Shutdown to furlough nearly 2,500 at Great Lakes

Naval Station Great Lakes would furlough most of its about 2,500 civilian employees in the event the federal government shuts down.

Naval Station Great Lakes would furlough most of its about 2,500 civilian employees in the event the federal government shuts down.

 

Steve Lundy | Staff Photographer

O’Hare and Midway airports will continue operating if the federal government shuts down.

O'Hare and Midway airports will continue operating if the federal government shuts down.

 

Mark Black | Staff Photographer


Most of the nonmilitary workers who work at the Navy base's museum, library, barracks and public information offices, among other places, won't be paid under a government shutdown, said spokesman John Sheppard.

"It would be very safe to say things would slow down quite a bit," Sheppard said of the North Chicago-area base.

Staff also could be reduced at Illinois National Guard armories in Aurora, Elgin, Joliet and Woodstock.

At Great Lakes, some safety-related workers like police will stay on the job, as will military personnel, Sheppard said. But most social workers will be among those furloughed, Sheppard said.

"Counseling services would be limited," he said.

Suburban residents are in the process of figuring out what a government shutdown means to them as Congress continues a stalemate over a temporary spending plan. The full effect might not become clear until a shutdown continues for days, if that happens.

If deemed nonessential, federal workers will get notice to go home under a government shutdown. That would include some Illinois National Guard workers at armories around the suburbs.

"It will certainly degrade what we can accomplish," said spokesman Capt. Dustin Cammack.

Most workers at Fermilab near Batavia will be kept on the job in the short-term, officials said. The U.S. Department of Energy is expected to close its own lab on the premises, but Fermilab has money to keep the other 1,700 workers on the job for as long as a month, a document from U.S. Sen. Dick Durbin's office says.

O'Hare International and Midway airports will keep operating in a shutdown. The Federal Aviation Administration said the nation's airports will continue operating with "essential employees" who won't be affected by a shutdown.

"In the event of a lapse in funding, the FAA has prepared a contingency plan in which air traffic controllers, some safety inspectors and other essential employees will continue working in order to maintain the safety of the national airspace system," a statement from the agency says.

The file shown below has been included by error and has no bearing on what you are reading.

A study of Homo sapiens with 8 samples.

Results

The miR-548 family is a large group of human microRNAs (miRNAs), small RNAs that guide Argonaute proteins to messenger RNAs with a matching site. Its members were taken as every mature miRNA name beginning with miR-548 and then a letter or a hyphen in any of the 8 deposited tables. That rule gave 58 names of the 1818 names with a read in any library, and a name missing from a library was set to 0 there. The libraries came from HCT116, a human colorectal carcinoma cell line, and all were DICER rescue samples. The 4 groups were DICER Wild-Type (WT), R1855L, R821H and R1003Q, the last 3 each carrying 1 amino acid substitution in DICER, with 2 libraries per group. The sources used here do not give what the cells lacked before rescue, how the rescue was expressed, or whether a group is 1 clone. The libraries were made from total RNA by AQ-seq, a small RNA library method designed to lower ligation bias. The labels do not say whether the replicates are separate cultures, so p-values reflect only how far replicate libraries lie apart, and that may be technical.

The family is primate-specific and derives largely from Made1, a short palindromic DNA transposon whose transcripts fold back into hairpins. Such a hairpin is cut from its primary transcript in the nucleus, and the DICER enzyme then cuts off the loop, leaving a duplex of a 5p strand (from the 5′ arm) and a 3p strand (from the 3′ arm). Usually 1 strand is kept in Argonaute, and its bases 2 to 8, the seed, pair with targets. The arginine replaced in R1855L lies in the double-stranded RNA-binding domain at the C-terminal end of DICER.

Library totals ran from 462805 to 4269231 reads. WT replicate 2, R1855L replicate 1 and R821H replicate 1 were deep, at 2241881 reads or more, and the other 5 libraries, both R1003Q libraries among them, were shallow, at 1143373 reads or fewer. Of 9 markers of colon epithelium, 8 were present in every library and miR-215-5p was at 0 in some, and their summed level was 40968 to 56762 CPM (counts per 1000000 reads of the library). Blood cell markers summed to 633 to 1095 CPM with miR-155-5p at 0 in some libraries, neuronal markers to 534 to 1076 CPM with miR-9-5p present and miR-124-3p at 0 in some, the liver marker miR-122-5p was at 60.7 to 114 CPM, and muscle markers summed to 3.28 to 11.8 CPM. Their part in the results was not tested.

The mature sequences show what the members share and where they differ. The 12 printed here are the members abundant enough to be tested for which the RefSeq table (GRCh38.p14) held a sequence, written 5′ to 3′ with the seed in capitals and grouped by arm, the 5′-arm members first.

Amtrak trains also will continue operating, spokesmen said.

But people waiting on passport approval might face delays, as might people waiting on federal loan approval to buy a house.

Social Security payments will arrive as usual and mail will be delivered because the U.S. Postal Service operates on its own budget.

Suburban lawmakers have split over the shutdown, with Republican U.S. Reps. Peter Roskam of Wheaton and Randy Hultgren of Winfield backing a plan to further fund the government and delay a key part of President Barack Obama's health care plan by a year.

"The president himself has implemented a one-year delay in the law's requirement for big businesses to provide insurance and a one-year delay in the law's privacy and anti-fraud provisions," Roskam, part of the House Republican leadership team, said in a statement over the weekend. "It is only fair we extend this same relief to ordinary Americans."

The Illinois rollout of new health care exchanges set to open Tuesday as part of Obama's law will begin as scheduled.

Democratic U.S. Reps. Tammy Duckworth of Hoffman Estates, Bill Foster of Naperville, Brad Schneider of Deerfield and Jan Schakowsky of Evanston favor a vote on just the budget without Obama's health law attached.

"These are two different things," Duckworth said. "One's the nations's budget. One's the Affordable Care Act."